Supercomputer simulation of a pair of neutron stars colliding.
NASA/AEI/ZIB/M. Koppitz and L. Rezzolla
A LIGO team member describes how the detection of a gravitational wave from a new source – merging neutron stars – vaults astronomy into a new era of 'multi-messenger' observations.
Artist’s impression of the collision of two neutron stars, the source of the latest gravitational waves detected.
National Science Foundation/LIGO/Sonoma State University/A. Simonnet
Astronomers have finally confirmed the source of the latest detected gravitational waves was the collission of a pair of neutron stars, what they'd been searching for all along.
The Australia Telescope Compact Array in Narrabri, NSW.
All it took was a single email alert to send the world's astronomers searching for the source of the latest gravitational wave detected.
The Zadko telescope was set to study the optical glow following a gamma ray burst.
Efforts to see the afterglow from a neutron star merger were nearly thwarted by bad weather and a cyber attack on an Australian telescope.
Simulation of two neutron stars merging.
NASA/AEI/ZIB/M. Koppitz and L. Rezzolla
The gravitational wave itself is the least exciting part of the announcement from LIGO and Virgo. Observing this new source answers many longstanding questions.
The mass of the Earth is big enough that the gravitational force it creates can pull the hard shape of ice, rock and metal into a sphere.
NASA Earth Observatory images by Joshua Stevens, using Suomi NPP VIIRS data from Miguel Román, NASA's Goddard Space Flight Center
Imagine the Earth pulling everything it is made up of, all of its mass, towards its centre. This happens evenly all over the Earth, causing it to take on a round shape.
The Sun is currently middle-aged, having celebrated its 4,568,000,000th birthday at some point in the last million years.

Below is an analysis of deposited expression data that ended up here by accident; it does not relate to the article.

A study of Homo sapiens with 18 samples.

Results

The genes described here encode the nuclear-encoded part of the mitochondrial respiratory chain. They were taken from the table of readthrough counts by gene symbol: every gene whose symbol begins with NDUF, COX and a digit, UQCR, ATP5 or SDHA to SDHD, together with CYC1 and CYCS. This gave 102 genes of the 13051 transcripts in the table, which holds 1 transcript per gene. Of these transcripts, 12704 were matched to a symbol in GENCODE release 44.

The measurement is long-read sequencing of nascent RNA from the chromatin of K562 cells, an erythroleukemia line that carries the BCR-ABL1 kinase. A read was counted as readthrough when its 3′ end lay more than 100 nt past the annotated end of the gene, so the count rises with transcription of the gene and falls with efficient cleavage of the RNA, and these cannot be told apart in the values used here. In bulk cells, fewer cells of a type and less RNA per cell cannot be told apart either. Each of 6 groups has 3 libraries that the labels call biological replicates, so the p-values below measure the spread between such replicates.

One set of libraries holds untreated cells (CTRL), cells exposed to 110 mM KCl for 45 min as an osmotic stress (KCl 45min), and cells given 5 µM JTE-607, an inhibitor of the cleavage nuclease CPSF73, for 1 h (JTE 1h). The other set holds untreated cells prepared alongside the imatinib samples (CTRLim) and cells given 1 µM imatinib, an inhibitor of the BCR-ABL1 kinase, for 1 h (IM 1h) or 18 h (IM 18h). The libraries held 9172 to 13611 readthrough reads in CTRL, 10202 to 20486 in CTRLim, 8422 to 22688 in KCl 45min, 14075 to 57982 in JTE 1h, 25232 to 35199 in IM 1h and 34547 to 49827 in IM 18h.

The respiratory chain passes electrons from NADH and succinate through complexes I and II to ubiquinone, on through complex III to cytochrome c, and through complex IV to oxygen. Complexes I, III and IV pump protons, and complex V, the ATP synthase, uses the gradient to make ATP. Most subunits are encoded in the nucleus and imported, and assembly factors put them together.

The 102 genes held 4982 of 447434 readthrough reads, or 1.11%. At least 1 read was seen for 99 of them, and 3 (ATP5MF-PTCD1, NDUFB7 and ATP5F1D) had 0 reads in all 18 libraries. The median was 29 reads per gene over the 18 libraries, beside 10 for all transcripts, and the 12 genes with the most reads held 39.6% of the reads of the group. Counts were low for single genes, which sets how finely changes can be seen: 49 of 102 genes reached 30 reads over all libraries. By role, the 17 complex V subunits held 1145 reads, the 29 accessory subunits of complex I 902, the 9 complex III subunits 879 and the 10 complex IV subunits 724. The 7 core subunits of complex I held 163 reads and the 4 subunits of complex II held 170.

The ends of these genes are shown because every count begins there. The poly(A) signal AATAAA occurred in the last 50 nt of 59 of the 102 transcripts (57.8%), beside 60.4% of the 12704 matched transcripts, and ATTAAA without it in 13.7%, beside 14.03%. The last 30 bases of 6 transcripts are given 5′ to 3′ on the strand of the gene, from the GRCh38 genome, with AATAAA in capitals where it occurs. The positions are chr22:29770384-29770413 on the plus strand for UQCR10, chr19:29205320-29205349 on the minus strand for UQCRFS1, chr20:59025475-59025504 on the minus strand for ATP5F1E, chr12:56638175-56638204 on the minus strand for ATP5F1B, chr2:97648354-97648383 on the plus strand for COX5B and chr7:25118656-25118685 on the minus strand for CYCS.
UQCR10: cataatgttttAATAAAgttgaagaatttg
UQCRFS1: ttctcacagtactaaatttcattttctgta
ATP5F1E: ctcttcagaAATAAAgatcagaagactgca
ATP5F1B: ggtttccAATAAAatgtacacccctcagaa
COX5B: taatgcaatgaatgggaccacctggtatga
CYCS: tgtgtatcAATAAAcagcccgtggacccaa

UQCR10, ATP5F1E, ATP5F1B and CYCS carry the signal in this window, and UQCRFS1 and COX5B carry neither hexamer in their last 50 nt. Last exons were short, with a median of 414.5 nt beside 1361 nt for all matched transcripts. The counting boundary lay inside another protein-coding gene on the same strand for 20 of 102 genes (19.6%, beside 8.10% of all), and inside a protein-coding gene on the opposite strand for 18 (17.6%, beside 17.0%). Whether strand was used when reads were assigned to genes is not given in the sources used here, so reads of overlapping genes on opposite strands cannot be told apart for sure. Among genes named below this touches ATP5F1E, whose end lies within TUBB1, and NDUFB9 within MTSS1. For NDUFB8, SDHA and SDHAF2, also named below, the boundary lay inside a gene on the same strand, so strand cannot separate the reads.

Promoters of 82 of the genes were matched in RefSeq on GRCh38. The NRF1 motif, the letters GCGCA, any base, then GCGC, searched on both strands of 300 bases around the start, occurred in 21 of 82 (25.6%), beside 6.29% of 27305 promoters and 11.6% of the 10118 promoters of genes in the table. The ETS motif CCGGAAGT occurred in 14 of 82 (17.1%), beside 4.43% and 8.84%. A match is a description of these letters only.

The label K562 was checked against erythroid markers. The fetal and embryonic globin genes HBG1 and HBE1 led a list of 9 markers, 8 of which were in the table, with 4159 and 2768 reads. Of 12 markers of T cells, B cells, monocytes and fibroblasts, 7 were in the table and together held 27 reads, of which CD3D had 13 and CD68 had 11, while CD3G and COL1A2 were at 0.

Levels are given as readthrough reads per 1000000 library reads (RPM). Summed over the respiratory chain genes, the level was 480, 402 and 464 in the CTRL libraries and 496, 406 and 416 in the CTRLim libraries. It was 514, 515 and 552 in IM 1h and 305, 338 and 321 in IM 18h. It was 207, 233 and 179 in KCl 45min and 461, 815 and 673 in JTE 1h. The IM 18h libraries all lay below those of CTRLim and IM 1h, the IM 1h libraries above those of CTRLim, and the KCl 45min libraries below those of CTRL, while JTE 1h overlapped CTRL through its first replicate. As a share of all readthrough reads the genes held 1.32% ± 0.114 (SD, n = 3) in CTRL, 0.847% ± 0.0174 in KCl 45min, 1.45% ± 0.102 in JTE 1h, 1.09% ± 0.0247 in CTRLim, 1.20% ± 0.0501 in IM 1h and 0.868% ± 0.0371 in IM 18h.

In five or seven billion years time, the Sun's life will come to an end. And it will be really spectacular - if you're watching from far enough away.
Studying mysterious neutron stars could uncover the secrets of exotic physics – and a way to navigate the stars.
Artist’s conception of two merging black holes, spinning in a nonaligned fashion.
LIGO/Caltech/MIT/Sonoma State (Aurore Simonnet)
These ripples in the very fabric of the universe were hypothesized by Einstein a century ago. Now scientists have detected them for the third time in a year and a half – ushering in a new era in astrophysics.
andrey_l / Shutterstock.com
Simon John James and Richard Bower chat about differing conceptions of what it is to travel through time.
Have we really discovered other “Earth-like” planets orbiting around other stars? Understanding what we do and do not know about exoplanets is the key to answering this question.
ESO/L. Calcada/N. Risinger/Reuters
Over the last 20 years, advances in the field of exoplanet discovery have excited the imaginations of scientists and enthusiasts alike. But we're in position to know yet whether a planet is habitable.
Very few African universities offer postgraduate degrees in astronomy. This gap in knowledge and training can be addressed through international partnerships and collaboration.
Gravitational waves are produced by some of the most extreme events in the universe.
The OzGRav Centre of Excellence for Gravitational Wave Discovery will enable Australian researchers to be at the forefront of gravitational wave astronomy.
Specialized chamber to study dusty plasma in the lab.
The vast majority of matter in the universe is plasma: electrically charged gas. Scientists are untangling how dust interacts with plasma both in space and experimentally closer to home.
We can all reach for the stars in The Milky Way over Western Australia.
The drive the get more women involved in science should start at an early age. But as one space researcher found out, girls can get nudged out of science at school.
There are two broad ways to measure the expansion of the universe. One is based on the cosmic microwave background, shown here, along with our own galaxy viewed in microwave wavelengths.
ESA, HFI & LFI consortia (2010)
The universe is expanding faster than expected, but we don't know what's driving it. Here are a few of the possible explanations, from dark energy to a modification of general relativity.
A podcast on time: telling it, perceiving it, doing it and travelling through it.
You can learn a lot about the cosmos in the kitchen.
From supernovae explosions to the expansion of the universe and why the sky is blue: you can learn a lot about the universe in the kitchen.
A burst of ghostly neutrinos may have been generated by a quasar like this.
A burst of neutrinos detected deep under the Antarctic ice may have originated from a distant quasar on the edge of the visible universe.
Massive bodies can send ripples through space time in the form of gravitational waves.
The long awaited discovery of gravitational waves has sent ripples through the scientific world. Here top experts respond to the historic announcement.